Chronic Wasting Disease (CWD) has been sweeping through North American deer herds since it was first detected at a captive cervid facility in Wyoming in 1967. In all the decades since, there’s never been a documented and confirmed instance of the always-fatal neurological disease jumping the species barrier, from cervids into humans. According to a new study, published last week in the journal Neurology, that long-discussed and frequently dreaded transmission of CWD from hunter-harvested deer into human beings might have actually occurred in 2022.


The authors go on to highlight “a cluster of Creutzfeldt-Jakob disease (CJD) cases after exposure to chronic wasting disease (CWD)-infected deer.” Those findings, they say, are “suggestive of potential prion transmission from CWD-infected deer to humans.”

CJD is better known for its association with Mad Cow Disease. Like CWD, mad cow disease is transmitted in cows through mis-folded proteins called prions. And like CWD, it causes a cascade of brain-related maladies that ultimately lead to death in the bovines unlucky enough to contract it. Mad Cow Disease has been shown to transmit to human beings through the consumption of infected beef. When the disease manifests in people, it’s referred to as Creutzfeldt-Jakob disease.

The recent paper describes an unnamed hunter who contracted CJD after regular consumption of venison from deer infected with Chronic Wasting Disease. “In 2022, a 72-year-old man with a history of consuming meat from a CWD-infected deer population presented with rapid-onset confusion and aggression,” it reads.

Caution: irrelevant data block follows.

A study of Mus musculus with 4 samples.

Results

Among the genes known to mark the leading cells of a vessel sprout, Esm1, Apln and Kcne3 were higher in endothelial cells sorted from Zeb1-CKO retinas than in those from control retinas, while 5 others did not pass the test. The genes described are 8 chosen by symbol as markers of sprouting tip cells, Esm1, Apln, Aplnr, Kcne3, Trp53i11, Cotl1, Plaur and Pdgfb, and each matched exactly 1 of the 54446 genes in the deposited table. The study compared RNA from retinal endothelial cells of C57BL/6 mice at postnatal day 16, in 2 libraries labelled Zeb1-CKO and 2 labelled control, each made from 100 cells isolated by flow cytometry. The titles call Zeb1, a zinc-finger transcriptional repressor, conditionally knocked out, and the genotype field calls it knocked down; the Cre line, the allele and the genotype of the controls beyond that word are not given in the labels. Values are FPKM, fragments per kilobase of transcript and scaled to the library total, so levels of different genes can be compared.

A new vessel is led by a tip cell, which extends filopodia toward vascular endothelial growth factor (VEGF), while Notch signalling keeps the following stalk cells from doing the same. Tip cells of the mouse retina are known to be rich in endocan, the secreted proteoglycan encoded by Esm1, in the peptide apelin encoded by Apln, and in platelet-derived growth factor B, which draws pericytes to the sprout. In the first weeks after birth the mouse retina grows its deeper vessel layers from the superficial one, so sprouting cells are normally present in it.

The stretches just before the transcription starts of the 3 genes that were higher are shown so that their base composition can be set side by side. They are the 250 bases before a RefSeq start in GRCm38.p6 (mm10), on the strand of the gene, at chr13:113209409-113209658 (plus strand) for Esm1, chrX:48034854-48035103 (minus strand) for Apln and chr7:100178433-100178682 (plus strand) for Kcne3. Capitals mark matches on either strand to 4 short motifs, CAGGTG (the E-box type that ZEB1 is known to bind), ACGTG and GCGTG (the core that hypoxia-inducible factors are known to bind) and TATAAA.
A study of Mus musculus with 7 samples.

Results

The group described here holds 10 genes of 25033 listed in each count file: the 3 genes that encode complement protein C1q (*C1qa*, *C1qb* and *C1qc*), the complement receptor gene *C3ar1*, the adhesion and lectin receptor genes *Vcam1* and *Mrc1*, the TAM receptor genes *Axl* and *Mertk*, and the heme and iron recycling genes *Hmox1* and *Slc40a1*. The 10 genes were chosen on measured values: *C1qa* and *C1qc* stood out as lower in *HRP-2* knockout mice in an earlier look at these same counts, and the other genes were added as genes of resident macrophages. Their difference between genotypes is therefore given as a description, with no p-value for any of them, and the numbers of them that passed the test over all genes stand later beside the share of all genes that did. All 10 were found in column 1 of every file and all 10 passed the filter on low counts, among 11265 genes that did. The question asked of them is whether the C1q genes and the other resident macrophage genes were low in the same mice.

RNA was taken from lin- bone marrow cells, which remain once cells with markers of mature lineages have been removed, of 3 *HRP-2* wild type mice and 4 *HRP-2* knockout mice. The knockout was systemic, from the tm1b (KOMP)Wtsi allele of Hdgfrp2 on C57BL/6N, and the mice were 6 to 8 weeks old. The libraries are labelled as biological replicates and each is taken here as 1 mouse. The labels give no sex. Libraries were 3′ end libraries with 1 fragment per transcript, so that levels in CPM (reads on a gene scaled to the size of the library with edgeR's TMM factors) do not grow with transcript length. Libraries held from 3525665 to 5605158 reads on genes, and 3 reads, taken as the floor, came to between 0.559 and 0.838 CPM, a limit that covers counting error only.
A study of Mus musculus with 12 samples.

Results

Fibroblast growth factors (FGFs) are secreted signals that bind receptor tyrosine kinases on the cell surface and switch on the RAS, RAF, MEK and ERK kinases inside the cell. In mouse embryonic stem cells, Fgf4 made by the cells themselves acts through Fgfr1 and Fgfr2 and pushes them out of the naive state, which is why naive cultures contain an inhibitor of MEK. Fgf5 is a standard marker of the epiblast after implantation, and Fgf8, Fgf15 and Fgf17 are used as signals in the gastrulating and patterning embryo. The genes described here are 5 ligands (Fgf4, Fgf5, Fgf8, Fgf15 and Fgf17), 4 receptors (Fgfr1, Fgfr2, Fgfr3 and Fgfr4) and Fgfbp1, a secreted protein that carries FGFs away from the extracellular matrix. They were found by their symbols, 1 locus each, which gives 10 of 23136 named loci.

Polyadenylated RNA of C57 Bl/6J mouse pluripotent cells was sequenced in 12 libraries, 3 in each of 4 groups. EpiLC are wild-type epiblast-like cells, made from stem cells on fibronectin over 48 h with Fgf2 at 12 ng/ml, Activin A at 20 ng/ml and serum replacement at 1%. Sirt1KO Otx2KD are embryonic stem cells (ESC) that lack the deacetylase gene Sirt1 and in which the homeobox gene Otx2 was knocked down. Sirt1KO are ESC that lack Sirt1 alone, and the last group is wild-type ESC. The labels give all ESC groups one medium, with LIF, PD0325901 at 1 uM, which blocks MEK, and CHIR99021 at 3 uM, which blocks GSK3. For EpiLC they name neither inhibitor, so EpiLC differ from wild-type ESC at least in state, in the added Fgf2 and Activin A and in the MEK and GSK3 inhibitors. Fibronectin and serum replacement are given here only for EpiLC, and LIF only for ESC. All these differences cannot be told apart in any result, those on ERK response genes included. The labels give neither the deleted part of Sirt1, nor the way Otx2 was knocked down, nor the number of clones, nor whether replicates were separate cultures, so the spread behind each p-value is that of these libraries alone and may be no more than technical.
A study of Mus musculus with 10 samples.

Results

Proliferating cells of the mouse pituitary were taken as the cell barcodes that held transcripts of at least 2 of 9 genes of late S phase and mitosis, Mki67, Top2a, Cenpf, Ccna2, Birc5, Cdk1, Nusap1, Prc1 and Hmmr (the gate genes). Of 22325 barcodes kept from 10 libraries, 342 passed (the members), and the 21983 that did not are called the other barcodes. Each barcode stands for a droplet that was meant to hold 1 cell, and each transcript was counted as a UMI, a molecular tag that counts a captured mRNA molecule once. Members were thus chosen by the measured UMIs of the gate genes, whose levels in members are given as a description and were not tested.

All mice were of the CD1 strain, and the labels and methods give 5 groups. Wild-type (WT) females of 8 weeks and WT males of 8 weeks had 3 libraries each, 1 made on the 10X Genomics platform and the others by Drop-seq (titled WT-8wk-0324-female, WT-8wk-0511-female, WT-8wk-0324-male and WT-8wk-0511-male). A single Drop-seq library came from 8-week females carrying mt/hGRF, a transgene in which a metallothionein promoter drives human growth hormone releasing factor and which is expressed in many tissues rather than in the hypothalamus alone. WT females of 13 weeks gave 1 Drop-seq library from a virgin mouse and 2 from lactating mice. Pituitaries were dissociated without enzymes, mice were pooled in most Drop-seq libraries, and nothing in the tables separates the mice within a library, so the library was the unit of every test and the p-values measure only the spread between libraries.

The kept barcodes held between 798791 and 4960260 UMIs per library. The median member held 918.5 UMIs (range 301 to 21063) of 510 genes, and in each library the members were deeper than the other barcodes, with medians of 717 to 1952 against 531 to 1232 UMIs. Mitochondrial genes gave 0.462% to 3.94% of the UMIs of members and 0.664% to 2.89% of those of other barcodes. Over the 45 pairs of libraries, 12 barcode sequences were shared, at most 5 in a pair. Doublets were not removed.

This CDC graphic shows the distribution of Chronic Wasting Disease (CWD) in the United States by county.This CDC graphic shows the distribution of Chronic Wasting Disease (CWD) in the United States by county.

This CDC graphic shows the distribution of Chronic Wasting Disease (CWD) in the United States by county.

Those are classic symptoms of Creutzfeldt-Jakob disease. “Despite aggressive symptomatic treatment of seizures and agitation, the patient’s condition deteriorated and he died within a month of initial presentation,” the study goes on to state. “The diagnosis was confirmed postmortem as sporadic CJD.”

Given the patients history of consuming CWD-infected deer meat, the authors suggest “a possible novel animal-to-human transmission of CWD.” They also studied the case of one of the hunters friends who ate venison from the same deer population. That person recently died from Creutzfeldt-Jakob disease as well, the authors says.

The Neurology study doesn’t reveal where the individuals who contracted CJD lived and hunted, but the Center for Disease Control and Prevention (CDC) says that CWD has been detected in 32 U.S. states to date, with the most recent case being found in Kentucky last fall. The three states with the largest distribution of CWD-infected deer by county are Kansas, Nebraska, and Wisconsin. The disease is also prevalent in Canadian deer herds.

Related: Kentucky Deer Tests Positive for State’s First-Known Case of Chronic Wasting Disease

The authors of the April 9 study are quick to point out that causation for the recent CJD cases in hunters remains unproven. But their findings underscore the grave threats of consuming CWD-infected meat, and the importance of having deer meat tested for CWD by your state fish and game agency whenever possible.

“Further investigation into the potential risks of consuming CWD-infected deer and its implications for public health,” the study concludes. “Surveillance and further research are essential to better understand this possible association.”